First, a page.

The most important part of the workflow process are feedback loops, and how they affect the speed and quality of value delivery.
The ultimate goal is to deliver quality software to our customers. Instead of speculating how an end-user might consume your teams' product, feedback loops improve your existing workflow so that you may meet your customer’s needs rapidly and with less waste.
Examples of Critical Feedback Loops
Feedback loops are as follows: You produce something, measure information on that production, and use that information to improve.
How well does the team understand the requirements?
Teams need to work with leadership to flush out requirements. How well those requirements are understood, can be shown by how often developers are requesting additional information, or how often the team is committing code.
How fast can the team detect defects?
Defects are weaknesses in the system. The systematic approach of detecting where defects are occurring, and how far downstream they are, directly affects a team’s Mean Time to Detect.
How effective are our tests?
Testing is one of the most effective feedback loops a team can have in place. Automated tests for example, provide feedback about your system in seconds.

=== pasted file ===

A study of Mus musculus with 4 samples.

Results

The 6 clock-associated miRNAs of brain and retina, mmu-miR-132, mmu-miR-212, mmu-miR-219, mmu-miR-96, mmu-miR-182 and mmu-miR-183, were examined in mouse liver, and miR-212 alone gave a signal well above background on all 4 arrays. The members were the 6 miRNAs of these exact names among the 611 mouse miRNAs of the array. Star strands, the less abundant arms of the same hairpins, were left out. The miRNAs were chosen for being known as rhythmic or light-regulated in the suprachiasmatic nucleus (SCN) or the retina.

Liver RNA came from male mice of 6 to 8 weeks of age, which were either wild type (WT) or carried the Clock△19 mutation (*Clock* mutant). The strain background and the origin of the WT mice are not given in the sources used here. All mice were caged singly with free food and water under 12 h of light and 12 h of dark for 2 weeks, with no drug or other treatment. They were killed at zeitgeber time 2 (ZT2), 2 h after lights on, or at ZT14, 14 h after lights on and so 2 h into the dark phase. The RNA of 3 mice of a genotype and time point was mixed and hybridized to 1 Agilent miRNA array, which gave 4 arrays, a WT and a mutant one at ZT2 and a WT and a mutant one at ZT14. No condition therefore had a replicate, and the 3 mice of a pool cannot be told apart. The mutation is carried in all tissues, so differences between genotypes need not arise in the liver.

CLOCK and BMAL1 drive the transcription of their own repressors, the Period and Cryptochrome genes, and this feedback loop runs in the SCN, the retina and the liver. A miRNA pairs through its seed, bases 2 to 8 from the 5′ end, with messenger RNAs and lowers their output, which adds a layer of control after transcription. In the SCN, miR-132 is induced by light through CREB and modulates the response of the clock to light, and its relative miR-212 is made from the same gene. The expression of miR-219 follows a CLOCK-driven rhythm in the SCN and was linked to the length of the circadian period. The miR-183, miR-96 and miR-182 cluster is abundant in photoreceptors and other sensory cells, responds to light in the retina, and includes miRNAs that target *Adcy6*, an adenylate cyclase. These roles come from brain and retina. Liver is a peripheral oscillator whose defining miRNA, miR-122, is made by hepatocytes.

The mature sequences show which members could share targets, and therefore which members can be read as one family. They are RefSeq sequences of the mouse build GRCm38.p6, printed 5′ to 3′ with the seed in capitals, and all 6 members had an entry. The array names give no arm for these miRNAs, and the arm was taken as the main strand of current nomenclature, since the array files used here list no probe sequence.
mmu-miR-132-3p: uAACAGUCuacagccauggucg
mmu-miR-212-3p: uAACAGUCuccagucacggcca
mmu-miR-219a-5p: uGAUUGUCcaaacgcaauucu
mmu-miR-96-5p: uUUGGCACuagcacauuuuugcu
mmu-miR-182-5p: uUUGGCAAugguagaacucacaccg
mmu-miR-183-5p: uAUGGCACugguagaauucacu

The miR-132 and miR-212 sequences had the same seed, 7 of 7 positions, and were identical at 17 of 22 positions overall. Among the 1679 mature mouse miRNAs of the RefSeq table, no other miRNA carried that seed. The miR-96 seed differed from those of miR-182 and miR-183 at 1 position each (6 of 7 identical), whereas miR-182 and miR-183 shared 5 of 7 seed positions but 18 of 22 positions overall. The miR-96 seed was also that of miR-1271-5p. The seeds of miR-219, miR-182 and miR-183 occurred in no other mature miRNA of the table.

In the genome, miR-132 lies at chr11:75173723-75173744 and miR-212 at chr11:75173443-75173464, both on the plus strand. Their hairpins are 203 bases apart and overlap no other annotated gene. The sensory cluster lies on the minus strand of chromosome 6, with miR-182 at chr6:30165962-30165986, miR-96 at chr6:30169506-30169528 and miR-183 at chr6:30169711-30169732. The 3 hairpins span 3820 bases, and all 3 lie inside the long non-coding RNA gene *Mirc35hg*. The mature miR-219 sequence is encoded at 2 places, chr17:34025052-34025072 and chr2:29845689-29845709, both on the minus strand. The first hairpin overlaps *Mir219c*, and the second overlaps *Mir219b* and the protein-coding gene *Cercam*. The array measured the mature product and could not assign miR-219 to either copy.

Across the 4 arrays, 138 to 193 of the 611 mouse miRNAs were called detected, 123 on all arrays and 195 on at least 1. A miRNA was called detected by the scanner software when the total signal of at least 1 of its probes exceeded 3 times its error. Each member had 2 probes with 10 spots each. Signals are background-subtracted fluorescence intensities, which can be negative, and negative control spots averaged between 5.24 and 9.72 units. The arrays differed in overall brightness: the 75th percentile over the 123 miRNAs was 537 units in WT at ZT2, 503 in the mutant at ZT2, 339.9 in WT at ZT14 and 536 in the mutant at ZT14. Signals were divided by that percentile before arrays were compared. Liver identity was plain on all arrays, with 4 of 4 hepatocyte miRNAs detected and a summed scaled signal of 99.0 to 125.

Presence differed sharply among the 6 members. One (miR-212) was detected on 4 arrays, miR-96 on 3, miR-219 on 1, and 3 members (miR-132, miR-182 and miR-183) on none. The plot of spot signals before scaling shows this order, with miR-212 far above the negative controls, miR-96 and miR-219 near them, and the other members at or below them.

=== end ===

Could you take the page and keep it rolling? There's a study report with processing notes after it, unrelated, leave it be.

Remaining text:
How well does what we’re producing, match the users actual needs?
Understanding if we’re meeting the needs of the consumer is critical feedback.
How fast can we determine that the customer is using the feature, and is happy with it? The longer the duration between the time we’ve started work, to the time we find out information, the more expensive it is.
- Use value stream mapping to uncover feedback loops, not just bottlenecks between specific steps.
- Focus on feedback loops that involve human communication, not just system alerts.
- Not all feedback loops are positive. Amplify feedback loops that promote positive change.
As a development team, we want to identify and shorten our feedback loops, so that we can analyze and optimize our workflow processes.